STANFORD -- Twenty-nine Stanford University students were honored commencement weekend with the fourth annual Centennial TA (Teaching Assistant) Awards at a June 12 luncheon ceremony.

The TAs, mostly graduate students who help teach undergraduates in the schools of Humanities and Sciences, Earth Sciences and Engineering, were recognized during a ceremony presided over by Ewart Thomas, dean of the School of Humanities and Sciences.

(Thomas is stepping down from the post this fall; his successor is John Shoven, professor of economics.)

Thomas conceived the awards in 1989, saying he felt TAs should be included in the celebration of Stanford's centennial. The late John A. Ditz, a Stanford alumnus (Class of 1942) and former member of the Board of Trustees, and his wife, Ann (Class of '46), began the Centennial Teaching Assistant Program with a founding gift four years ago. In the past year, the program received gifts of endowment from other alumni: Bill ('56) and Reva ('54) Tooley of Los Angeles, Mel ('44) and Joan Lane of the Stanford community, and the Rev. Marta S. Weeks ('51) of Miami. Those gifts, Thomas said, enabled the program to continue.

At the ceremony, Thomas reaffirmed his support for the program, saying, "I feel confident that, with this level of endowment support, the program will endure."

In his speech, Thomas spoke about the role TAs play in the education of the undergraduate.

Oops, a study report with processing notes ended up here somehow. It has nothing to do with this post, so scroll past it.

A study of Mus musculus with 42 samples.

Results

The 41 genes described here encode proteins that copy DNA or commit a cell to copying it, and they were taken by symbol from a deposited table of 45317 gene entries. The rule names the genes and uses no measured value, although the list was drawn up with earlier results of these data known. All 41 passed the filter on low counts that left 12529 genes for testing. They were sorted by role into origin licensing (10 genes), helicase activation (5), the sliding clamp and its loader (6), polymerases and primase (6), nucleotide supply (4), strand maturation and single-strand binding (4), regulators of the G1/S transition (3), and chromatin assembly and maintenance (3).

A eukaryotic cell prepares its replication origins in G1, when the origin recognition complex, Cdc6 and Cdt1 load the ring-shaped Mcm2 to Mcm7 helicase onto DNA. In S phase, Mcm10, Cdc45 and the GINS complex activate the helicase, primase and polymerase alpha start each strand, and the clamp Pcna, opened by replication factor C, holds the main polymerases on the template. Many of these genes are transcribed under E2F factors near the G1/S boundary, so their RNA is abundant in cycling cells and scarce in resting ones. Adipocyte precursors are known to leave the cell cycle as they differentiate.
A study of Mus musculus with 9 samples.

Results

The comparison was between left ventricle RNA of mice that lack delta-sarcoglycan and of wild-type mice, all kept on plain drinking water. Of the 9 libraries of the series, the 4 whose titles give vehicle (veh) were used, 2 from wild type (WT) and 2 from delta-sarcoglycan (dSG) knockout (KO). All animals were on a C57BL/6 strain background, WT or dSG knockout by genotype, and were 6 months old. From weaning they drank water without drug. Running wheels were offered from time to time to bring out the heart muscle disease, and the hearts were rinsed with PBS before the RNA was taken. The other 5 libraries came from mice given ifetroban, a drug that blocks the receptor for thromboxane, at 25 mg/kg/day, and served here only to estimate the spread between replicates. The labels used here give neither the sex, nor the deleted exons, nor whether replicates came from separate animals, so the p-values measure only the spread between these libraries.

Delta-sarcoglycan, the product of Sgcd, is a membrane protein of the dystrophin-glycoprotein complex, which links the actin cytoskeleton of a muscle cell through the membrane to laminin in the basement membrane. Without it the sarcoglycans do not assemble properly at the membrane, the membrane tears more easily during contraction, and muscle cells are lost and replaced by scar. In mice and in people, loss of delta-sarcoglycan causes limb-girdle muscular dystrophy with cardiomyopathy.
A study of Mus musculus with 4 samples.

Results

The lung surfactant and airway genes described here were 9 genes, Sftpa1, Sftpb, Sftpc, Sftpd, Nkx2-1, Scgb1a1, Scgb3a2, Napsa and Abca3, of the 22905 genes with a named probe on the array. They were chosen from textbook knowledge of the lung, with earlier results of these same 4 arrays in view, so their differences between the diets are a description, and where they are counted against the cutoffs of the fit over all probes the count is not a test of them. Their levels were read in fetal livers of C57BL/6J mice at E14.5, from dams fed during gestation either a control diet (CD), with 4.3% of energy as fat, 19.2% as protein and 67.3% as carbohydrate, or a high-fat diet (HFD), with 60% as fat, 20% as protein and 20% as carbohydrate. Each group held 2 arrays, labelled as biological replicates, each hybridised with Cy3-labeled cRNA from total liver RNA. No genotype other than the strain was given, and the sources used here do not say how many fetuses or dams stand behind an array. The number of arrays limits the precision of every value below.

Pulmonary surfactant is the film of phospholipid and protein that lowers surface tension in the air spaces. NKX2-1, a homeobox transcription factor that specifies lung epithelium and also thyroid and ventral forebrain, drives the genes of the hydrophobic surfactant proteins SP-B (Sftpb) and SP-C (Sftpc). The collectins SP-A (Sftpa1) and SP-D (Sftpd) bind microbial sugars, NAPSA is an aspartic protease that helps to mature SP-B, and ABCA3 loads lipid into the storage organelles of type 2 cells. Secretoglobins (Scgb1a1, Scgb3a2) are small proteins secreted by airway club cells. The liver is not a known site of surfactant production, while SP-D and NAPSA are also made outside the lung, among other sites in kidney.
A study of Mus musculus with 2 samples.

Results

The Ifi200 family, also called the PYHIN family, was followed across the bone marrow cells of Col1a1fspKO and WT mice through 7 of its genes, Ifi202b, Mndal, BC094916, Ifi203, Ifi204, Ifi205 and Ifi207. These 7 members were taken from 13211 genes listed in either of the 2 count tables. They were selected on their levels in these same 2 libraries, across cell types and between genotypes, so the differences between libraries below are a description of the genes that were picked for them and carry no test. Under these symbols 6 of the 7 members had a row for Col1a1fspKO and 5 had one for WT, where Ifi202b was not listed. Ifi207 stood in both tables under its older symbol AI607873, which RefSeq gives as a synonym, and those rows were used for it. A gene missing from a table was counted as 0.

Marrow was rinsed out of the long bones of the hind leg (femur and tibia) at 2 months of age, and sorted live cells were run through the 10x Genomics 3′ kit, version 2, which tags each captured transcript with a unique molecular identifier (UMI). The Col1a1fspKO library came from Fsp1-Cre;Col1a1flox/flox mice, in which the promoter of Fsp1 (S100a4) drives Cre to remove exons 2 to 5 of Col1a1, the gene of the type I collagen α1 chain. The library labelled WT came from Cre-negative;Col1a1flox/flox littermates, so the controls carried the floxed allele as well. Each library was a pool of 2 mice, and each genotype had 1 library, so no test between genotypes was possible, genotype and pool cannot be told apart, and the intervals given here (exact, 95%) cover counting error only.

"They are an essential part of undergraduate education at a research university like Stanford," Thomas said. "Already well along in their training, TAs serve as models of the scholarly life to undergraduates, as bridges between faculty and younger students, and as apprentice teachers in labs, discussion sections and reviews."

In addition to the teaching awards, the program also provides grants for TA training programs. Thus far this year, grants (a maximum of $2,500 each) have been awarded to the Department of Mathematics, which will purchase videotaping equipment that it will share with nearby departments, and the Department of Human Biology, which will develop an extensive teaching handbook for its TAs.

The 1992-1993 Centennial TAs and their departments are:

Matti BunzL, anthropology; Claire Chan, mathematics; Peter P. Christiansen, geology; Marcelo Clerici-Arias, economics; Ignacio Corona-Gutierrez, Spanish and Portugese; Judith Dolan, drama; Jonathan A. Eisen, biological sciences; Stephen E. Forrest, geology; Pamela Barrett Gaspers, chemical engineering; Roy D. Haggerty, applied earth sciences; Kimberly A. Hannula, geology; Geoffrey Philip Hoefer, civil engineering; David W. Hyndman, applied earth sciences; Philip A. Kafalas, Asian languages; Dongseok Kim, economics, Dennis F. Kinsey, communication, Eric D. Kolaczyk, statistics; Bryna Kra, mathematics; Christopher D. Manning, linguistics; Thomas Edward Meigs, biological sciences; Douglas Taylor Northrop, history; Manish Raizada, biological sciences; Scott Seligman, computer science; Esther-Mirjam Sent, economics; Mark T. Unno, religious studies; Lon van Geloven, mechanical engineering; Santosh Verma, petroleum engineering; Mitzi Vernon, mechanical engineering; Michelle R. Wright, French and Italian.